Last chance to object to Heath ‘mansion’ with two basements
Campaigners against plans to rebuild a Highgate house on the edge of Hampstead Heath as a contemporary home with two basements have said time is running out to object to the proposals.
They fear construction works would transform a quiet woodland track leading up to Kenwood into a busy access route for lorries driving up and down from the building site.
The owners of the Water House want to demolish and rebuild the 1990s home as a two-storey modern house with floor-to-ceiling glass windows and two separate basements on the lower ground floor.
The plans have already attracted a large number of objections on Camden Council’s website, but Fitzroy Park resident and Water House neighbour Karen Beare is urging others to voice their views before the consultation period ends next Thursday.
“There are a number of issues and reasons to refuse the application,” she said. “All the local groups have come together as the Friends of Millfield Lane with a website to resist this development.”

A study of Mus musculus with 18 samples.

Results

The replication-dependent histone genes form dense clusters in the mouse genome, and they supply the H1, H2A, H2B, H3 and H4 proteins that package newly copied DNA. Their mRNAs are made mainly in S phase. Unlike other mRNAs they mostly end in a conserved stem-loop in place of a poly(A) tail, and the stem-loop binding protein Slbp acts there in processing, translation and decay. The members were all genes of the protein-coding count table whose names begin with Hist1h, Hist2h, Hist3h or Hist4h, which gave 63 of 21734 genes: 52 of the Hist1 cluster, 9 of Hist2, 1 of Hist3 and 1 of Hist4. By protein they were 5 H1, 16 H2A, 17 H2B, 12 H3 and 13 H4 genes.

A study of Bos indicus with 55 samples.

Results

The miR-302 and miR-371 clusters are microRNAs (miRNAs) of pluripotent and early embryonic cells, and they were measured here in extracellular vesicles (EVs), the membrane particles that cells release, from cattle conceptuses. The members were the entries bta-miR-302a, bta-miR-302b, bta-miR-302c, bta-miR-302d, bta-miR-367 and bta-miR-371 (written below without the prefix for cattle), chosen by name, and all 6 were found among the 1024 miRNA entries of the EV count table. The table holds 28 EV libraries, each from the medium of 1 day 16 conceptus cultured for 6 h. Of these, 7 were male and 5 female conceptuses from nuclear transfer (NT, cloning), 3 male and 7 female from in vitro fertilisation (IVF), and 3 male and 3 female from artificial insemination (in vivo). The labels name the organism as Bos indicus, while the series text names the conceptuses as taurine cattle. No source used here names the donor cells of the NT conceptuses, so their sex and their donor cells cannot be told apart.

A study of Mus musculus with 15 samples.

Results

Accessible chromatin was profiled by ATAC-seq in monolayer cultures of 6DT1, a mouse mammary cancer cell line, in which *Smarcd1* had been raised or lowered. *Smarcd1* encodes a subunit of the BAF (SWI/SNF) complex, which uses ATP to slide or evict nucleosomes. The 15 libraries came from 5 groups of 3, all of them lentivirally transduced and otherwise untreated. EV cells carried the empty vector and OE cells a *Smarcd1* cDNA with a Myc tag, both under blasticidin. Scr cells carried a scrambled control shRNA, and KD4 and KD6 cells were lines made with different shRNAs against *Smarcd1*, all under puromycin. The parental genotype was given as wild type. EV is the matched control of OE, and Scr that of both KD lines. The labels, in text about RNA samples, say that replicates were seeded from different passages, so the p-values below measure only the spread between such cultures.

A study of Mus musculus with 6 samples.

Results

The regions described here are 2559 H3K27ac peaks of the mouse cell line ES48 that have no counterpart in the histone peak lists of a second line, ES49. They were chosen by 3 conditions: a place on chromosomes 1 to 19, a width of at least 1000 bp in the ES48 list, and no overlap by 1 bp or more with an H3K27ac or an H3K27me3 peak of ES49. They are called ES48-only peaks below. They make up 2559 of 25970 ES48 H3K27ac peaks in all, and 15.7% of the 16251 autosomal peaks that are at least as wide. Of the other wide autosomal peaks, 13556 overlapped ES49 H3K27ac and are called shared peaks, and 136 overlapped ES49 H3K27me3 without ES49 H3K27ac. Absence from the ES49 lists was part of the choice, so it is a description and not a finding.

SHH Architects disputes there are two basements, saying that just one basement will be created because the building sits on an existing slope.
Mrs Beare added: “There is a problem with access, you don’t have to be a rocket scientist to know that. To widen the path, they will cut the trees and verges which will permanently harm the character.
A spokesman for SHH Architects said: “We’ve come up with a construction method which avoids vehicles during peak periods and limits the number of vehicles each day to four – four journeys in and four journeys out, except for a six-week period when we’ll need six vehicles each day.”
Managing director Graham Harris added: “The reference to a ‘mansion’ on the Friends website is misleading as it implies we are proposing to build some sort of grotesque palatial pile on the fringe of the park, which we are not.
“Our proposal is a well-considered modernist piece of architecture which subtly responds to the site and its surrounding environ.”
Simon Lee, the Superintendant of Hampstead Heath, said the City of London Corporation, which runs the Heath, will be objecting to the proposals.